Is the U.S. preparing to offer the F-35 stealth fighter to the UAE? In the days leading up to this year's Dubai Airshow, there has been speculation in media reports about this, especially quoting think tanks in Washington, D.C. Such an offer would be a departure from long-standing previous U.S. security assistance policy, which has been always to ensure that Israel has a “qualitative military edge” over all other countries in the Middle East.
However, Lockheed Martin is not even bringing its portable unclassified F-35 cockpit demonstrator to the Dubai Air Show this week, and AIN has also learned that the company's F-35 marketing officials are not making the trip to Dubai for the show. But the U.S. and the UAE clearly have a close defense relationship. During a press conference in Dubai on November 10, U.S. Air Force vice-chief of staff General Stephen Wilson said that the UAE “had started the process.” He continued, “We are in the initial stages of looking at options for all partners in the Gulf. The F-35 is a pretty incredible airplane, we think it is going to be dominant. And that's why we're looking now at partners that need that capability.”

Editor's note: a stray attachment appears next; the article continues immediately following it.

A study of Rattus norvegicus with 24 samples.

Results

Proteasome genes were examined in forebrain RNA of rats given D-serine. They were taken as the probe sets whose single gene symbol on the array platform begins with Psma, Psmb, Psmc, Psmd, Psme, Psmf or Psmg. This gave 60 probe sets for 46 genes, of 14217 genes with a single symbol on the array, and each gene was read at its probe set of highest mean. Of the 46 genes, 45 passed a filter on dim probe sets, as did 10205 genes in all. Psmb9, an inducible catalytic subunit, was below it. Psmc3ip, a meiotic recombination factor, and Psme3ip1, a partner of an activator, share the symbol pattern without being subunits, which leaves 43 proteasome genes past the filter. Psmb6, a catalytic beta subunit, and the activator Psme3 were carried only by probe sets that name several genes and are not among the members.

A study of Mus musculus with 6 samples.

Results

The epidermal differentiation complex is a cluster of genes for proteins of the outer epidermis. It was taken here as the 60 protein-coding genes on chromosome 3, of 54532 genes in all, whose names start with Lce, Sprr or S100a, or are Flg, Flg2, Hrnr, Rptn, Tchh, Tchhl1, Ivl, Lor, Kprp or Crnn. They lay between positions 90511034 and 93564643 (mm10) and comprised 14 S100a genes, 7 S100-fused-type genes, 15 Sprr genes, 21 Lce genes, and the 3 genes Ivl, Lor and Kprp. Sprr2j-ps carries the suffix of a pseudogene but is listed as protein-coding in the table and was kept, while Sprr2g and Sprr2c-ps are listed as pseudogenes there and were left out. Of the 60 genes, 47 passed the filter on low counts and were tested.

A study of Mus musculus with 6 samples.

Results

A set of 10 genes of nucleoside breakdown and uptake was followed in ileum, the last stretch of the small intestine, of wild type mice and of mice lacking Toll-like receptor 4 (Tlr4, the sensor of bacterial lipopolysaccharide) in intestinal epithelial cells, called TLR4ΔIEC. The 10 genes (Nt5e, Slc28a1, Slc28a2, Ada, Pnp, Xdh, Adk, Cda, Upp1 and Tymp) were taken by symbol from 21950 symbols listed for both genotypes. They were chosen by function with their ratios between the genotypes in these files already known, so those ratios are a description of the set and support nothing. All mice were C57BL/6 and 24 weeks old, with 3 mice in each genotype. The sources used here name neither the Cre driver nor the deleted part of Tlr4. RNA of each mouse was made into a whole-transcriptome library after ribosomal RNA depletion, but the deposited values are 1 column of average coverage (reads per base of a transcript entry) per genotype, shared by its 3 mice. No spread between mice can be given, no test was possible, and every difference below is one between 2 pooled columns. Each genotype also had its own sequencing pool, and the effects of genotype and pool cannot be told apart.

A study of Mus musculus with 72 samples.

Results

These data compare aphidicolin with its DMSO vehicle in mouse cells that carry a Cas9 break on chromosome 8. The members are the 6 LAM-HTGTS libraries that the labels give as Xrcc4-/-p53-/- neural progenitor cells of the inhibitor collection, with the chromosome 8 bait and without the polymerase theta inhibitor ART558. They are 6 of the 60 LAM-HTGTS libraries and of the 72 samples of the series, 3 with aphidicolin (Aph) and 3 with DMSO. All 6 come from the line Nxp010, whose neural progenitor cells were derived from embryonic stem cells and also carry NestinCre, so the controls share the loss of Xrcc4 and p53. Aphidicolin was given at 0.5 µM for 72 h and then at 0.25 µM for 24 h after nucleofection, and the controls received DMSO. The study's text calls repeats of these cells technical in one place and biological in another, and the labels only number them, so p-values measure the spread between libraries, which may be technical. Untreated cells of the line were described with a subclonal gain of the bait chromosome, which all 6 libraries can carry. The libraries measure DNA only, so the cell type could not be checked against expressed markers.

Riad Kahwaji, the general manager of Segma, the local company that organized DIAC, who was previously with local defense think-tank INEGMA, told AIN: “I believe that there have been some talks between the U.S and the UAE about the F-35, but there are still some export control issues to be cleared on the U.S. side.”
So the prospect of the Lightning II appearing at a future Dubai Air Show might not be so distant. That could be bad news for the makers of European fighters, such as Dassault (the Rafale) and Eurofighter (the Typhoon). They and their governments have been talking up the prospect of an order from the UAE for years. But why should the UAE settle for another fourth-generation fighter to supplement its F-16 Block 60s and Mirage 2000s, when it can acquire fifth-generation jets instead?